More families are paying inheritance tax than ever as booming property prices swell the value of estates past tax thresholds.
Despite Prime Minister David Cameron promising to increase the threshold where families pay IHT to £1 million, three times more families are paying the tax than when he came to office six years ago.
The government’s Office for Budget Responsibility (OBR) reckons 40,100 families will pay the tax this year and that this will step up to 45,100 in the 2016-17 tax year.
However, the number is expected to fall from April 2017 onwards when a family home worth up to £350,000can pass to children outside of the IHT tax regime.
Nevertheless, the number of families paying IHT now is at the highest level since Margaret Thatcher’s era.
Estates rise as tax threshold stays the same
The number of estates having to pay IHT has risen from2.6% of all deaths in the 2009-10 tax year to7.1% in the current tax year, rising to 8% next year.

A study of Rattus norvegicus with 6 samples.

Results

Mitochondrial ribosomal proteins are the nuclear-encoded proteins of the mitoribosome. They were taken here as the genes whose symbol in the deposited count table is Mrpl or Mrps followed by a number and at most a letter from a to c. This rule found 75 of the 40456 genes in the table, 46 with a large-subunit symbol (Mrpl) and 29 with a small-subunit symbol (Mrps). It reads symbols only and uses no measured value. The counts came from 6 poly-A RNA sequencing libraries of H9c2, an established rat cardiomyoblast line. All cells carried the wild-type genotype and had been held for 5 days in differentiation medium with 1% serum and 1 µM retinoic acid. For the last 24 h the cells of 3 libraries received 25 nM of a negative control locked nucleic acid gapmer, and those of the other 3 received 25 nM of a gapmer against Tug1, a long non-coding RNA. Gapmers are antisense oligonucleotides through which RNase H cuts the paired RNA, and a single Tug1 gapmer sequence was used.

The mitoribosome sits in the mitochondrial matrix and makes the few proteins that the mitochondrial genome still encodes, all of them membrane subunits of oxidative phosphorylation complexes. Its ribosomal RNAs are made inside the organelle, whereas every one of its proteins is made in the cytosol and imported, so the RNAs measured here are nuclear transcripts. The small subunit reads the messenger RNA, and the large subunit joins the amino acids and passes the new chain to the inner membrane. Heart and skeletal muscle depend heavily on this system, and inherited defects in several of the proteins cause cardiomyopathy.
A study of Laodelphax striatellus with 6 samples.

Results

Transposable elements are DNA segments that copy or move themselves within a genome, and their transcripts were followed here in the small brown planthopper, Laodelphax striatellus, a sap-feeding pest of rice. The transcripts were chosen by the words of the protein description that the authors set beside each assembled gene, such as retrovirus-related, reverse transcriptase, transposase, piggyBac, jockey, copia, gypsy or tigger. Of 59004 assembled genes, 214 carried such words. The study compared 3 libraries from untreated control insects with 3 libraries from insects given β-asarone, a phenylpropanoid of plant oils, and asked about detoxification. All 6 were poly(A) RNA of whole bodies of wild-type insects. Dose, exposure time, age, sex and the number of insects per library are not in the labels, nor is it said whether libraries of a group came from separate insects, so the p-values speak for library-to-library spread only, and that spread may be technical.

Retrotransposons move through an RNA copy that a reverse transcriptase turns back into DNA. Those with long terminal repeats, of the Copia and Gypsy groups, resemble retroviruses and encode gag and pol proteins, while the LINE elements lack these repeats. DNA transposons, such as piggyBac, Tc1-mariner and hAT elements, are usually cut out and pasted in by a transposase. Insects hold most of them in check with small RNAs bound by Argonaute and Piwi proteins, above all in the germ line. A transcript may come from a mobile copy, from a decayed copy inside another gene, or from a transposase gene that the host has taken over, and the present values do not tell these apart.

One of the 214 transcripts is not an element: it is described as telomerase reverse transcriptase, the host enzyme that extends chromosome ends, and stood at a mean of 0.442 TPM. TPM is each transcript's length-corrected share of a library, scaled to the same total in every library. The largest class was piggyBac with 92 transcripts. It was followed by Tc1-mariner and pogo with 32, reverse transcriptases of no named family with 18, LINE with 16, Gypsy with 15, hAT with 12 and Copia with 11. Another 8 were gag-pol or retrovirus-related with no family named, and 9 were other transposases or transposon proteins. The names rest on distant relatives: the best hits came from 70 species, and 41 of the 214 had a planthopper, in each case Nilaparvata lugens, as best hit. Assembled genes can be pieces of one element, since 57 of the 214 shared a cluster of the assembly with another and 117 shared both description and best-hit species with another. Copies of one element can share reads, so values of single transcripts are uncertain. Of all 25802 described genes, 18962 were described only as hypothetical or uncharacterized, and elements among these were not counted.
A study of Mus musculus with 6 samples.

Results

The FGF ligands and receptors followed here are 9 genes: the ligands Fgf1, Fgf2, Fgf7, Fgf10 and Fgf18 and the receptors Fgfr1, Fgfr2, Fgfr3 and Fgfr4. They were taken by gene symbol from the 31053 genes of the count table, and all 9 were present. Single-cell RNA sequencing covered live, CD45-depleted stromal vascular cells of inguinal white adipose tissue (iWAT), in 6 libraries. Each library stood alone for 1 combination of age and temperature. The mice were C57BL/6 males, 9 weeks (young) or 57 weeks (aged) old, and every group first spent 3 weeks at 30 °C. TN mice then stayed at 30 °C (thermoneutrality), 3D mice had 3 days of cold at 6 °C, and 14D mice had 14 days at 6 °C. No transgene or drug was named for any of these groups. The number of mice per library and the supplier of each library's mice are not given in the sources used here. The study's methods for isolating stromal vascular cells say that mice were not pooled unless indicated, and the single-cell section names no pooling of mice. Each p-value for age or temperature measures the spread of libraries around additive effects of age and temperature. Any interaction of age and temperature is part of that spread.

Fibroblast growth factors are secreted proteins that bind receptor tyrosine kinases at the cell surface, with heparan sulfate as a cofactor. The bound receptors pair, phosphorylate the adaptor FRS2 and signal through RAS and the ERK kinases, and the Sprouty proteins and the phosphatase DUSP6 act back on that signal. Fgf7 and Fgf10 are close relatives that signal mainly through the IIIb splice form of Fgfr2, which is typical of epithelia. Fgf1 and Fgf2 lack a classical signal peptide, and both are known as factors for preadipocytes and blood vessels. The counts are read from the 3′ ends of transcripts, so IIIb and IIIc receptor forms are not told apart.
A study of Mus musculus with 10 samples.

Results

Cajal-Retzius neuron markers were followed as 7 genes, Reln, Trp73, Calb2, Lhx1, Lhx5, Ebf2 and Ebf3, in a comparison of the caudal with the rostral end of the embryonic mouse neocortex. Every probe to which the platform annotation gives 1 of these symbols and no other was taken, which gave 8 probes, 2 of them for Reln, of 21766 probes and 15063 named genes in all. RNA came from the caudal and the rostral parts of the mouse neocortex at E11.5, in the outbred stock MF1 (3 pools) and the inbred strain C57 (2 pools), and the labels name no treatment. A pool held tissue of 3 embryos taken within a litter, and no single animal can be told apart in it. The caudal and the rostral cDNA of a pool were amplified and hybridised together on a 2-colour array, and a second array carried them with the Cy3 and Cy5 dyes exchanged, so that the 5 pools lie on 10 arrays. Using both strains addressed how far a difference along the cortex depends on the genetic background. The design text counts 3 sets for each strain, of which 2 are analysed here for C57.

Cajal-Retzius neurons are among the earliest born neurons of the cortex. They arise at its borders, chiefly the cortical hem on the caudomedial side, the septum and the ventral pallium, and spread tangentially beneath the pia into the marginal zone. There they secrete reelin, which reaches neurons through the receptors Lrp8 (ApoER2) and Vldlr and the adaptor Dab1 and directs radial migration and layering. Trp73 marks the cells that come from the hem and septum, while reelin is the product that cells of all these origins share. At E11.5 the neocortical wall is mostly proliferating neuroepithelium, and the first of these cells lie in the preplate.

The main driver increasing the value of family estates and pushing them above the £650,000 nil rate band threshold is rising house prices, mainly in London and the South East.
While house prices have increased significantly since 2009, the IHT nil rate band has remained anchored at £325,000 for individuals and £650,000 for couples.
According to the Office of National Statistics, house prices in the capital have shot up by almost two-thirds to an average £531,000 since then.
IHT is paid at 40% on the net value of an estate worth more than the nil rate threshold.
Tax receipts keep rising
The Treasury has estimated that the tax will be worth £4.4 billion in 2015-16.
Although IHT rules change to increase the threshold for parents passing on the family home to their children when they die from April 2017, other less heralded changes make IHT payable by foreign owners as well.
Other rules mean excluding some allowances have altered the way IHT is calculated
The OBR expects the number of families trapped in the IHT tax net to drop by 2020, but the amount of IHT collected by The Treasury to rise to more than £5 billion as house prices keep increasing.